So recently I devoured this book for my job. Just know you should definitely read it.
The downside of being in editorial reared its head when the sequel came in the office. I eagerly devoured that as well. After episodes of fist pumping and clenching my kindle as events unfolded, I finished and eagerly looked around. I needed to fangirl so hard over it.
And I was the only one who had read it.
I know, you are probably thinking, gosh, it must suck to read for a living. I am not complaining about that. Love my job.
BUT when you are the only one who has read something and you desperately want to share your love of a book, it can suck. No one can understand why you have been ruined for the day. RUINED. The book was so good, all you want to do is talk about it, and instead you have to sit there quietly since no one has read it. NO ONE.
So now I wait for you guys to read the first book, so I can fangirl about that one at least. But still…
Sarah Fine, I blame you for my lack of productivity on the submission pile lately.
So as you probably noticed, I have dropped off the map a bit. Between work, work reading, fun reading, and sleep, I haven’t been around much.
So shocker: I decided to join Instagram. (I am so old, don’t judge).
Follow me: SoCalledYALife
Warning: this is more personal than this site. You should expect to see pictures of food, my work shenanigans, and anything else that hits my fancy. But it will give you a peak behind the curtain.
I have been meaning to write about this for a month, but busy is the life I lead. J. K. Rowling recently announced that she would be making a continuation (not a prequel) of the Harry Potter story through a stage play.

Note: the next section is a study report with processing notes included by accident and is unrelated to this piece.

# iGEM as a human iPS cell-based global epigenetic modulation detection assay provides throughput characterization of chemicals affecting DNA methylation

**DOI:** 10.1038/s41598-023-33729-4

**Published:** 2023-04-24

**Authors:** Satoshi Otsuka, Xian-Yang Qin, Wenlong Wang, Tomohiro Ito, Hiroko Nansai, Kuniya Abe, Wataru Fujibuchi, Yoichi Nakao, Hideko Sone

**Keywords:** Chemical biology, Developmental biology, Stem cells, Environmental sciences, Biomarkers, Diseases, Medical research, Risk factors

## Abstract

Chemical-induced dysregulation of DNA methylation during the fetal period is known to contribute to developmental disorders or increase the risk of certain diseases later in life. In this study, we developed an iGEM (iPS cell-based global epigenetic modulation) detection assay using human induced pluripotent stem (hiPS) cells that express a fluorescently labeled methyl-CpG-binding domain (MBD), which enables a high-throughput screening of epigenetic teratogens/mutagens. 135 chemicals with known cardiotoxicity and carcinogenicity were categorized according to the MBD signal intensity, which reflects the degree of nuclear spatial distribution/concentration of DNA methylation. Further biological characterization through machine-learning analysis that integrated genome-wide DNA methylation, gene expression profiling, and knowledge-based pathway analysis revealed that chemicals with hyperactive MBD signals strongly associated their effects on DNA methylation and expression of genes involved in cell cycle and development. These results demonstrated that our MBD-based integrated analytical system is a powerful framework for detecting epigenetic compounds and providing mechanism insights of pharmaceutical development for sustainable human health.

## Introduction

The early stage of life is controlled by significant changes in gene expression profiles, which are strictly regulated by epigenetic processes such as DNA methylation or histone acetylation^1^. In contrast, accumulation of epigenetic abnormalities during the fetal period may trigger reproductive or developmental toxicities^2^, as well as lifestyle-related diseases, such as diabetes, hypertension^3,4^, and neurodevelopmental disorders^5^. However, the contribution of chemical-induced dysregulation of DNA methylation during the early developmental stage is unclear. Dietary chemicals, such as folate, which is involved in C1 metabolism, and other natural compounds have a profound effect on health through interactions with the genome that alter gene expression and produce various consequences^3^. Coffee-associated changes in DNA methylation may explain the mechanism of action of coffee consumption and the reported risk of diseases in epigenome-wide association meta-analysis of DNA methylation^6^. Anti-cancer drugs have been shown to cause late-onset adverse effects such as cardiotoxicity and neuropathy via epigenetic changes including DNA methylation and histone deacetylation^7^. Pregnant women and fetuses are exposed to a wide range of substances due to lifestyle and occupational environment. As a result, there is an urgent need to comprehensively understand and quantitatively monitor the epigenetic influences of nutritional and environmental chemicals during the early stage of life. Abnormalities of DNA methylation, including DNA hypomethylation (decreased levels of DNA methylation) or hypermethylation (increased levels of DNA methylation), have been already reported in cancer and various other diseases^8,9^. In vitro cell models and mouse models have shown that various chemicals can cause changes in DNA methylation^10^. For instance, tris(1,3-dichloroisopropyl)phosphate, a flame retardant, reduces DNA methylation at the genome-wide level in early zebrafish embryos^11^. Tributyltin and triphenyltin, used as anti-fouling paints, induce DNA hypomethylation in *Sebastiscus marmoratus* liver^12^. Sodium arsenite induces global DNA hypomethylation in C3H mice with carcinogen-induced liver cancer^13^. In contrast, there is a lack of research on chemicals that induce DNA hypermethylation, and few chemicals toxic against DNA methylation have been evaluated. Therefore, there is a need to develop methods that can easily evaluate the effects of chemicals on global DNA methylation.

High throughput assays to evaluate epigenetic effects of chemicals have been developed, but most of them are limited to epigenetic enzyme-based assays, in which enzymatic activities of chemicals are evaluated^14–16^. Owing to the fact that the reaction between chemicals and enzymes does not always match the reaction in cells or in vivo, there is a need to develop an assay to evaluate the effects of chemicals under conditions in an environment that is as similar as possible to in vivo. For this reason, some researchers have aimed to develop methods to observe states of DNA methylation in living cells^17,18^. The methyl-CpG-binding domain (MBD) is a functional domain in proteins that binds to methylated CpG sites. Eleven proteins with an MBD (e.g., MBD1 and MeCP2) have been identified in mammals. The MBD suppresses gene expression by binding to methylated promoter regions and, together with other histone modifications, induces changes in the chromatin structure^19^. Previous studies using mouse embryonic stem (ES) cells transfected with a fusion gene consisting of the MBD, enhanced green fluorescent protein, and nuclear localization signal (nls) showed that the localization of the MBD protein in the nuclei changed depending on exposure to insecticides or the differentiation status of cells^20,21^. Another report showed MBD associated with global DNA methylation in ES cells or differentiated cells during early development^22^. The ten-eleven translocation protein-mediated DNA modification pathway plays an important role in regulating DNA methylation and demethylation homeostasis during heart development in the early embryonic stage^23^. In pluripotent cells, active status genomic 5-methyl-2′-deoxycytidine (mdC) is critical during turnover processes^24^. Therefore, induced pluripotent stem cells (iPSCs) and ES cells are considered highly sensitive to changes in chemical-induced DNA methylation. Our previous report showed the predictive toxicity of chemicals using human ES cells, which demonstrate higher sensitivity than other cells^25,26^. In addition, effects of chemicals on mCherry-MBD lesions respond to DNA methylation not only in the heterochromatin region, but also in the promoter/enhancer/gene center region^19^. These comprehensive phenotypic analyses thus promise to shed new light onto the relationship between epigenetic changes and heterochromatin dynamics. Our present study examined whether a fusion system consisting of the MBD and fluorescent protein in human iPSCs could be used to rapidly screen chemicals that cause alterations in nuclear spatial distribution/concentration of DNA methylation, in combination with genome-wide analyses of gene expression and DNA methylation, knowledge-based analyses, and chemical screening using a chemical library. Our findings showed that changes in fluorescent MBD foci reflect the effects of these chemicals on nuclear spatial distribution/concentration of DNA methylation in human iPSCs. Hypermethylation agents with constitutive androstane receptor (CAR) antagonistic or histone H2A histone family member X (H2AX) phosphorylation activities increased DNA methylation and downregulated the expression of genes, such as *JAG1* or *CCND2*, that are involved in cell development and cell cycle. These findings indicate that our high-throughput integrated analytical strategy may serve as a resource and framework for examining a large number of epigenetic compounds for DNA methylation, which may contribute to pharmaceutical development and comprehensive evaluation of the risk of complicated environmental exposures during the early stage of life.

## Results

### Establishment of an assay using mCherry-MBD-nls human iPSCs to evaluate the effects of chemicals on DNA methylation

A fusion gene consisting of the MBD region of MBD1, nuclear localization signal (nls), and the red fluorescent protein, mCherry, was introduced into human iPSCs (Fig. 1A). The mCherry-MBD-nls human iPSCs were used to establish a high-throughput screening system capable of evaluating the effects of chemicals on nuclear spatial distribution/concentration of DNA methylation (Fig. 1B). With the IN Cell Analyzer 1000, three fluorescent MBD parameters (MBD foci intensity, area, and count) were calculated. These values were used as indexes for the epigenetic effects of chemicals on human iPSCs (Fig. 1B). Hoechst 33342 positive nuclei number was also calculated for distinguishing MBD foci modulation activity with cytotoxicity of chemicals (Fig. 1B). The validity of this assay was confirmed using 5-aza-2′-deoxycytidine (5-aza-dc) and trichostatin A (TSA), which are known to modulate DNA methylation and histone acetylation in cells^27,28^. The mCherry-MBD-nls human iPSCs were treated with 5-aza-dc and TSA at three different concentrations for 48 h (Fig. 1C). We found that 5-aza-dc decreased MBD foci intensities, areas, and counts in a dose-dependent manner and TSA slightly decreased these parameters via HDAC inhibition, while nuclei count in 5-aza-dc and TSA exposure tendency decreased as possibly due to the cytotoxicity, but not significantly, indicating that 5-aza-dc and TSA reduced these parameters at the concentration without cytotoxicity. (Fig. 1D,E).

My first reaction was one of joy and anger. Joy because I grew up with this series. And I do mean grew up. Not to give away my age or anything, but the first book published when I was in the 4th grade, the last one when I was in 12th, and the last film the year of my college graduation in 2007. Harry Potter book ended my childhood.
But here’s the thing: I was a child living in poverty. We didn’t have money to go to plays. We barely had the money to cover food. But when those books came out, my mom made sure I had one. To me, Harry Potter was a escape from my world. And it would surprise me one bit to learn that my situation was true for a lot for kids. So it really angered me to see this development. Movies, books, tangible mediums are easily accessible and pay for themselves over time as you use them. A West End stage play can only be experienced once. The price is fixed. SO how will millions of readers, who may not have the money to see the play, or fly to England, enjoy the continuing story of Harry?
Harry Potter doesn’t belong just to Rowling anymore; he belongs to us all, and using theater as her story medium really excludes people from that shared collective story.